Spring Dance Concert: Get Wilder!

Jeffrey ’20
My heart leapt out of my chest as I shuffled on stage and faced the audience, obscured by darkness. With bated breath, I waited silently for the spotlight — my cue to dance.

This year, I was a dancer in Lawrenceville’s annual Spring Dance Concert (SDC), an annual dance performance with dances choreographed by students, a few alumni, and faculty member Derrick Wilder, Lawrenceville’s director of dance. Over 200 students participated in SDC this year, setting a record-breaking level of involvement in the production. After hours and weeks of rehearsal, performers were finally ready for the two-night event, themed “Get Wilder,” a play-on-words of Mr. Wilder’s name and his unbridled spirit and energy for dance. As one of the most popular events of the year, SDC never fails to delight those who come to support their friends and family on stage.

I watched SDC in my Second and Third Form year, and each time, I was amazed not only by the talent that my peers possessed but also by their courage to perform in front of a few hundred people. While SDC had been something that I really wanted to participate in, I was extremely hesitant to try out. When auditions came around again this year, I almost did not go. But with the coaxing of a friend and the thought that I knew I would regret not trying, I sprinted from Kennedy House to the Kirby Arts Center to audition. I had no prior dance experience, and when I saw people practicing the audition piece, I nearly left the building. However, the veteran dancers were patient and more than willing to teach me the dance step-by-step. Minutes later, I was walking to the auditorium stage with a group of other students to perform in front of the choreographers. There was no going back now.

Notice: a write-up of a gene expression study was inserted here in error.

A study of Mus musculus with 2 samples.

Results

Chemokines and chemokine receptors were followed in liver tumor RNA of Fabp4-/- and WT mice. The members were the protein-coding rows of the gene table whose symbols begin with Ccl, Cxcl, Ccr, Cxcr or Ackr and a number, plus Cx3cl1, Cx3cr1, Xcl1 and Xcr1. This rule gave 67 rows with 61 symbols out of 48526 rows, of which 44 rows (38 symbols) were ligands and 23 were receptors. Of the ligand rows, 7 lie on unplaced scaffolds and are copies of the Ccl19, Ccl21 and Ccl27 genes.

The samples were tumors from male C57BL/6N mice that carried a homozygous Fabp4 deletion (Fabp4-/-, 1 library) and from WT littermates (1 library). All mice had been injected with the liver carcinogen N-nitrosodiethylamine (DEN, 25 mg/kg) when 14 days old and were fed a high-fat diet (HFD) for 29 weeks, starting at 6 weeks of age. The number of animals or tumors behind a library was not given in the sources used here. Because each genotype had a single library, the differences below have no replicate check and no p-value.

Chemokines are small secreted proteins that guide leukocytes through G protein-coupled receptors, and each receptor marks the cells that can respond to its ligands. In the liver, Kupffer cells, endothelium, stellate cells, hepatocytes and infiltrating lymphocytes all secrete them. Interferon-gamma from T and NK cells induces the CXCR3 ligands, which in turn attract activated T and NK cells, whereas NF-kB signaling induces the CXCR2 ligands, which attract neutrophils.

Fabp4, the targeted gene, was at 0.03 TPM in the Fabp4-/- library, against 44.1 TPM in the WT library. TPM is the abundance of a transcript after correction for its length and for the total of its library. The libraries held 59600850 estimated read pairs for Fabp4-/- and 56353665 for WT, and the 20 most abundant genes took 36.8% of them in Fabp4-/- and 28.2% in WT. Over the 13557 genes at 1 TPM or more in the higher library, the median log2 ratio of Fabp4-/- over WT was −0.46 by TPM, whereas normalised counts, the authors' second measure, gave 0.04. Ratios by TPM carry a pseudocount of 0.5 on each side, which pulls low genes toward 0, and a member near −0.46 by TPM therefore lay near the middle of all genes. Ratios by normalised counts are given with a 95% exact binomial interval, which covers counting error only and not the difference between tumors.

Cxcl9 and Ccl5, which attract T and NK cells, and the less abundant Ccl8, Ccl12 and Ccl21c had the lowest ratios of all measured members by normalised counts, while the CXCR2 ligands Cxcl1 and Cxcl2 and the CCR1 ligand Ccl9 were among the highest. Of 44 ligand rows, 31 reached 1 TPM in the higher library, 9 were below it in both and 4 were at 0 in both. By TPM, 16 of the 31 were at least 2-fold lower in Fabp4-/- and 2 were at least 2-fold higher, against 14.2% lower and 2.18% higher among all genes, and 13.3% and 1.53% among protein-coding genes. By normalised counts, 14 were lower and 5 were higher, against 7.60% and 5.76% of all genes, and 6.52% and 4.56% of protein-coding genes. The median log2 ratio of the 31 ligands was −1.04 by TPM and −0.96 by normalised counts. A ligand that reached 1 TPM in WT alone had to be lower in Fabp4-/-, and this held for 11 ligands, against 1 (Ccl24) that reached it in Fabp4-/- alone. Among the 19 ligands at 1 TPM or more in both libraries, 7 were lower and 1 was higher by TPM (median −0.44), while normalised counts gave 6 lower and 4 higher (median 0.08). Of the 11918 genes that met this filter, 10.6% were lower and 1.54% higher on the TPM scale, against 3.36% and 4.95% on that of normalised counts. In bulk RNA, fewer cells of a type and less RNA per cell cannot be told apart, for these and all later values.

I cannot put into words the joy I felt when I scanned the audition results list and saw that I had been selected. I always looked forward to our practices every Monday, progressively learning and mastering more and more of the upbeat, fast-paced hip-hop-dubstep dance, performed to the song “A Little Party Never Killed Nobody.” Although it was difficult for me to master the “body roll,” Lily and Izzy, my steadfast, patient choreographers, were extremely patient and encouraging until I could do it without embarrassing myself completely. They led us through every obstacle we encountered, whether it was mastering a handstand or even getting the right costumes.

Tech week, the last week before the performance, consisted of a several stressful nights of rehearsal. Finally, the day of the first show had arrived. I was in the second dance of the show, and while Nachale, the Indian dance group, performed, my group gathered in a circle backstage to hold hands and pray for us to succeed. My heart raced as I walked on stage, but standing there in the dark, I already knew that all those long nights had been worth it. I put my all into dancing that night, and after we ran off stage I could not stop smiling.

I never would have thought that I would dance in front of hundreds of people. But if there’s anything that I have learned at Lawrenceville, it’s that going outside of your comfort zone will often lead to some of the best experiences of your life. I could not have asked for a better group of people and choreographers to dance with in my first SDC — thank you all for teaching me to dance and that how to have “a little party.” I cannot wait to audition again next year!